Given the junk-hunting nature of its premise, it's probably fitting to say this about Storage Wars Canada: it'll take a bit of searching to locate it, and those who do likely won't feel they've uncovered a hidden treasure.
Instead, viewers who tune in the debut of Storage Wars Canada (Thursday, Aug. 29, at 8 p.m. on OLN), the north-of-the-border adaptation on what surely stands as one of TV's most overextended reality franchises, will be faced with a retread of a tired format that offers little in the way of fresh personalities or regional quirks that might enliven a concept that ran out of new ideas about two spinoff cycles ago.
Simply put, it's the same old same old, without anything distinctly Canuck-ish that might make folks feel at least a whiff of patriotic attachment to it.
The format isn't just familiar -- Storage Wars Canada employs a beat-by-beat recitation of the script that has been used, with diminishing effect, in the original A&E series Storage Wars and its two U.S.-cable spinoffs, Storage Wars: Texas and Storage Wars: New York.
The only difference is the cast of characters, and Storage Wars Canada's crew of locker-seeking scavengers isn't a very appealing or engaging bunch. The central core consists of constantly feuding couple Cindy Hayden and Rick Coffill, who've been given the nickname The Veterans, the father-and-son duo Paul and Bogart Kenny (High Roller and The Kid), abrasive guy Roy Dirnbeck (The Instigator) and tight-skirted newcomer Ursula Stolf (The Knock Out). Auction-biz veteran Don Reinhart is in charge of running up the bids.
What a show whose action takes place mostly indoors is doing on OLN, which used to stand for Outdoor Life Network, would probably be a question worth asking, if it weren't for the fact the U.S. original has its home on what used to be known as the Arts & Entertainment network. Let's just say the Farthest From Original Mandate Cable Network Derby now has another sprinter in the field.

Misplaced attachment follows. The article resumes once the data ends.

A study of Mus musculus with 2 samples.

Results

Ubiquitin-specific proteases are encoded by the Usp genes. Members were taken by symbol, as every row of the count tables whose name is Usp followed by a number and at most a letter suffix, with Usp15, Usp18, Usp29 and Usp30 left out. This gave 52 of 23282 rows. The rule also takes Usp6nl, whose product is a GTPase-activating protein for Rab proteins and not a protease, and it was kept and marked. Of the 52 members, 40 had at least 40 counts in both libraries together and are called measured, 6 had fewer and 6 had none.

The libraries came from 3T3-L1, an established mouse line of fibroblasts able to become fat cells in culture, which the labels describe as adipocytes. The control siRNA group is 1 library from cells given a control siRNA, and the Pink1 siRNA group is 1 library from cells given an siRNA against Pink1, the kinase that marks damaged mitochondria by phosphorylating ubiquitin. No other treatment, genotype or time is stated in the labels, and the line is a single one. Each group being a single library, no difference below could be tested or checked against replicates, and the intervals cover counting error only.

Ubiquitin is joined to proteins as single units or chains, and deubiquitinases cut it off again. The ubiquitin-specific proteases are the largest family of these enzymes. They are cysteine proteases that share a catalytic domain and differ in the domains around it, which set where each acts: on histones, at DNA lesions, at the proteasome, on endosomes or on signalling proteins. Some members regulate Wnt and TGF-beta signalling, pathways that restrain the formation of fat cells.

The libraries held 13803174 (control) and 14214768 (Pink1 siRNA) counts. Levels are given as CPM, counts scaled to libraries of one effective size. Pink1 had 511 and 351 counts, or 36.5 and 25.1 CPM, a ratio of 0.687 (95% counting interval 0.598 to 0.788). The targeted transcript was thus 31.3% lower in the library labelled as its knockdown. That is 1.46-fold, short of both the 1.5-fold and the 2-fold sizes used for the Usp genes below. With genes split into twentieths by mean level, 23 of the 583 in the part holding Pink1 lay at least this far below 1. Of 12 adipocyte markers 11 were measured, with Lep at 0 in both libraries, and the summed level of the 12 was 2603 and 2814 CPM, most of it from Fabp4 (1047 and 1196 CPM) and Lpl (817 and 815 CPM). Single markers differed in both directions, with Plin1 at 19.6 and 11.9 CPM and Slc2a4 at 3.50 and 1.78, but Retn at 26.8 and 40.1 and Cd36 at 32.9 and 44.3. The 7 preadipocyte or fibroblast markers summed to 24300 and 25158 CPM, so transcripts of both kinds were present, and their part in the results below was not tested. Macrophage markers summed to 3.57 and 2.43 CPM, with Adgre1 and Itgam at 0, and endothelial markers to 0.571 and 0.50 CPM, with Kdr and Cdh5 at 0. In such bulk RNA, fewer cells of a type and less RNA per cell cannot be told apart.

From the opening moments of its premi®re episode, Storage Wars Canada feels both limp and like it's trying way too hard. The rapid-fire banter aimed at establishing this incarnation's personalities seems awkwardly forced, and the show's first auction of abandoned lockers -- at a storage facility in Aurora, Ont. -- is filled with units whose most interesting contents are conveniently shrouded by blankets that afford opportunities for the signature Storage Wars cut-to-commercial "Aha!" moments.
Given the original series' recent troubles with former cast member Dave Hester filing a lawsuit over claims the show is contrived and its lockers "seeded" with valuable items, one might have imagined a new spinoff might work harder at avoiding moments that smack of fakery.
That issue notwithstanding, the most perplexing thing about Storage Wars Canada is that it devotes so little effort to being, well, Canadian. Even Canadian Pickers, a pale imitation of U.S. cable's somewhat charming American Pickers, at least makes an effort to create a sense of place that makes up for its lack of originality.
Storage Wars Canada is just more -- or, perhaps, less -- of the same. Even the most devoted followers of the original and its threadbare stateside imitators will likely consider this too much of a no-longer-all-that-good thing.
If someone asks viewers of this debut if Storage Wars Canada is worth a second look, there probably won't be many whose response is "Yuuuuuuup!"